Yale Center for Teaching and Learning

Preempting Plagiarism

When students are better prepared, they take fewer shortcuts. To help ensure that students are ready to use sources well, we suggest some combination of the following four strategies.

Design Assignments That Are More Closely Tied to Your Course

Students are more likely to plagiarize in assignments with open topics, largely because they are more likely to feel overwhelmed by an open topic. Freshmen, sophomores, and writers new to a field find it especially difficult to frame a topic of appropriate scale.

Revising your assignment so that it connects more closely to your course does not mean you should ask narrow questions with simple answers. Often slight revisions are enough to point students in the right direction. See Revised Assignments for examples of topics that have been tweaked.

In fact, we consider the opportunity to pursue an original question to be the most compelling feature of academic scholarship. If we build exercises to help them narrow down the field themselves, students can take a relatively open question and arrive at a rich, complex question. The suggestions below are designed to reduce plagiarism risks in even very open assignments.

Note that many students have difficulties not just with open term paper topics, but also with open-ended Reading Responses. When the assignment is vague, or students don’t understand its purpose, they may not recognize the need to develop their own, original responses. More focused assignments and a clear sense of your expectations can make Reading Responses much more productive.

Do More to Help Students Understand Your Expectations

Students sometimes reach for other people’s work when they are confused or overwhelmed by the assignment. There are many small things you can do to enhance their understanding. (a) Talk to students about how a given assignment compares to another they have completed for you. (b) Show students an example of similar work, either from a previous student or with a brief excerpt from a professional text. (c) When you give out the assignment, give students a few minutes to take notes or to talk briefly with each other, then give them time to ask questions. This last activity can be valuable if you do it as soon as you hand out the assignment, or if you do it in the following class session, after students have had time for some ideas to coalesce.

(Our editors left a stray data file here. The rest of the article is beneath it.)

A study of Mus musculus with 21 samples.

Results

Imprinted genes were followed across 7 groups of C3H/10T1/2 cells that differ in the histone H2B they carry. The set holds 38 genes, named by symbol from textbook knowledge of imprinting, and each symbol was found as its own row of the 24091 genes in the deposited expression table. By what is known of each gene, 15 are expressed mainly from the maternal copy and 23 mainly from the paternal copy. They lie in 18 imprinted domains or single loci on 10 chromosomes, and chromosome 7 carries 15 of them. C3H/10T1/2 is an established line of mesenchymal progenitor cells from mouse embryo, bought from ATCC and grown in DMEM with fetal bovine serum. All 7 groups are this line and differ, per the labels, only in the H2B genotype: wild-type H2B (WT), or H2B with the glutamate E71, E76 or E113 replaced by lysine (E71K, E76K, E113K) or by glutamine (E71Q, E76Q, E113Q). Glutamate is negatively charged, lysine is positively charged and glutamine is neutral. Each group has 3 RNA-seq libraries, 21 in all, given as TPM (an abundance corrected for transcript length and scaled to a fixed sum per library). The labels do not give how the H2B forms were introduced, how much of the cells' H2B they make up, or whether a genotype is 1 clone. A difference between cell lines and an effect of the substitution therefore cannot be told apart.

Help Students Start Working Before the Last Minute

Most students decide to plagiarize when the fear of failure arises after they think it’s too late to ask for help. Beginning to work sooner can help students avoid desperation altogether; but even when we’re not fully successful, getting them to their desperation sooner gives them a chance to ask for help.

Requiring drafts is an invaluable way to reduce last-minute papers, as students can also learn from your feedback as they revise. But there are less labor-intensive techniques that can still make a big difference. (a) Have students write briefly and talk about the assignment in class; this can immediately begin to demystify what’s expected of them. (See suggestion 2, above.) (b) Along these lines, have students talk to a partner about their paper topic, in class, in the week before the paper is due. Even students who haven’t started writing can develop some momentum from rehearsing their ideas to a classmate. (c) Have students turn in a sentence or paragraph about their topics a week before the paper is due. (d) Have students turn in topic proposals or bibliographies as preliminary steps to a final paper.

Explain Your Own Use of Sources in Lectures and Class Discussions

Most professors model how to use sources appropriately whenever they lecture or respond to questions in class. We’re suggesting that you call attention to more of these moments. (a) On one level, this can be as simple as naming what you’ve done. “Note that I’ve just synthesized three different answers to the central question.” (b) If you know of a particular technique with sources you want students to adopt, you might try modeling it even more explicitly. “Note that I’ve done here one of the things I’ve asked you to practice in your papers—agreed with one aspect of Freud’s argument, but then extended or complicated it to develop my own idea.” Just a few such explicit instances can help students understand better how they’re meant to use sources in their own arguments.

Such explicit modeling works with almost any skill you want students to develop as writers and thinkers. As a rule of thumb, we’d advise making one reference of this kind in every class session.